I wrote a column this week about my own reaction to the (relatively racist) reactions to a “foreign film” winning The Oscars last week, and my own reflections as a Deaf woman in terms of language and interpreter shaming.
Although it seems like a leap (it was, but trust me it all connects), I often find this same sort of nationalist-narcissistic thinking when it comes to CF advocacy, as well. I am the worst at this. For example, I will write about the amazing benefits of new medications and how excited I am for my friends’ improvements and progress, without ever thinking about those diagnosed in third-world countries without any sort of CF registry, or clinics, or otherwise.
Sometimes we talk about breakthroughs and cures from such a first-world (and, in my case, Americanized) perspective, that we forget this is a GLOBAL disease that impacts so many more than those outside of our own bubble. In this sense, or educational and advocacy jobs are truly never done… not until the entire world receives proper treatment and support.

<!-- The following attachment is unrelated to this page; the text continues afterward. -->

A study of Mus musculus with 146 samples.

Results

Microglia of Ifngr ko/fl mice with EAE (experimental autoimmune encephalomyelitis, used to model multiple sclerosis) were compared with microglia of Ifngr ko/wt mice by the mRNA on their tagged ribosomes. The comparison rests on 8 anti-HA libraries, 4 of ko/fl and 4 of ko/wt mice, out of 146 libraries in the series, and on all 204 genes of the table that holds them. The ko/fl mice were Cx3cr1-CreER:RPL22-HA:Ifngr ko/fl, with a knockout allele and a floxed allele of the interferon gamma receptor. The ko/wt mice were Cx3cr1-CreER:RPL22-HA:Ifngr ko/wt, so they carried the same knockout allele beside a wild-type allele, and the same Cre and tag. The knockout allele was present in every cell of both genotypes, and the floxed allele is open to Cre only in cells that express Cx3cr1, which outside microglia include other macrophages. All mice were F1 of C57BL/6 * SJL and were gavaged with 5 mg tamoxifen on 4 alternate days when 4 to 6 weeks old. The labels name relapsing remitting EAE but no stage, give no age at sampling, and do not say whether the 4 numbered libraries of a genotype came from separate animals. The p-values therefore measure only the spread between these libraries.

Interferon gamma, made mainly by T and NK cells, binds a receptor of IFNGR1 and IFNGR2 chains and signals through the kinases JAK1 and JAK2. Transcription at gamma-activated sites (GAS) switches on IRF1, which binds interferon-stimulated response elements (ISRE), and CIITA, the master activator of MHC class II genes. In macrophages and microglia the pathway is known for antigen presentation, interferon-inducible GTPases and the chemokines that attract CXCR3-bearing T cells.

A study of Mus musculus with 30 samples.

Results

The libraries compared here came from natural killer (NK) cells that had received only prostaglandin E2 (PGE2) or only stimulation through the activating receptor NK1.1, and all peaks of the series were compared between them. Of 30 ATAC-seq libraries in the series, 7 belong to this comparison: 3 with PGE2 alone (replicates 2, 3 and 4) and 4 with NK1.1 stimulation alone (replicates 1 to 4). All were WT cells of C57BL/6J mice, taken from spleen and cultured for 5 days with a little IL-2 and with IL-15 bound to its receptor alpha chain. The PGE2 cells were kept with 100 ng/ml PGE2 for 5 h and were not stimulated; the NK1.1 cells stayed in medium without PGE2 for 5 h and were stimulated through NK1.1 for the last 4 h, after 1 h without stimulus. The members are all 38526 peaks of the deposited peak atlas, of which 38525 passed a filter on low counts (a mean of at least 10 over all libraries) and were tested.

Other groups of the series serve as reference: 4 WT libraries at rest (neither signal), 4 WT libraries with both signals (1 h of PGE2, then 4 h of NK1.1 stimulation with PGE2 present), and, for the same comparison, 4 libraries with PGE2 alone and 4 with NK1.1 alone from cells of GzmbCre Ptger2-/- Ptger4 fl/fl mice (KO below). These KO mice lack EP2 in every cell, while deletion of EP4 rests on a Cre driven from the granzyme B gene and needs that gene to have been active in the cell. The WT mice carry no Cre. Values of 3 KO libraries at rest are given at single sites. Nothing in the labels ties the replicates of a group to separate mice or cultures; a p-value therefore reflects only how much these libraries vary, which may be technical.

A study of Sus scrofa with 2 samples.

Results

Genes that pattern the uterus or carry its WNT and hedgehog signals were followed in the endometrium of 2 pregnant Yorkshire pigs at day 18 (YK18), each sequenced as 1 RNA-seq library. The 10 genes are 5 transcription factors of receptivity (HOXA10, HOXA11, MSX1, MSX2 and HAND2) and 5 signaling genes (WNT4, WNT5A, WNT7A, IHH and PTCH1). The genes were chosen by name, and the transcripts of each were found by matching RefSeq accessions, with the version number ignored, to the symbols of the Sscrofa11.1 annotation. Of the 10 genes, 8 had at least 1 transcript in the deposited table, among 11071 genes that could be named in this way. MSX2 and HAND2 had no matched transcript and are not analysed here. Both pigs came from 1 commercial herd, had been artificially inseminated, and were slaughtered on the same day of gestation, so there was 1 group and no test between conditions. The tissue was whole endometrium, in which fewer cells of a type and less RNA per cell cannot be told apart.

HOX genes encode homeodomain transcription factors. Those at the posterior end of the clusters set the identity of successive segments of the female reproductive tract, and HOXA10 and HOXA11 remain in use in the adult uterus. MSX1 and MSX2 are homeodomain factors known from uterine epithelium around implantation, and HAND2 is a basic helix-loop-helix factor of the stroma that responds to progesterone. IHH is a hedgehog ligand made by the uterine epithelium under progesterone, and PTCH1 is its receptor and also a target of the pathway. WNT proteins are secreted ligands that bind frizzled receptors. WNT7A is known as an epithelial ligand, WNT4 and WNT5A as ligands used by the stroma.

Question: How often do you think about those with CF with different circumstances than your own?
I think about this all the time! I’ve been fortunate enough to form many international CF friendships online, and it keeps me cognizant of the global disparities in CF care. I sometimes feel overwhelmed at the amount of work still needed here in the US in order to make healthcare and treatment accessible for everyone. I get doubly overwhelmed when I think of all the work still needed on a global scale!
So I guess I have a follow up question: how do we help advocate for those whose circumstances differ from our own?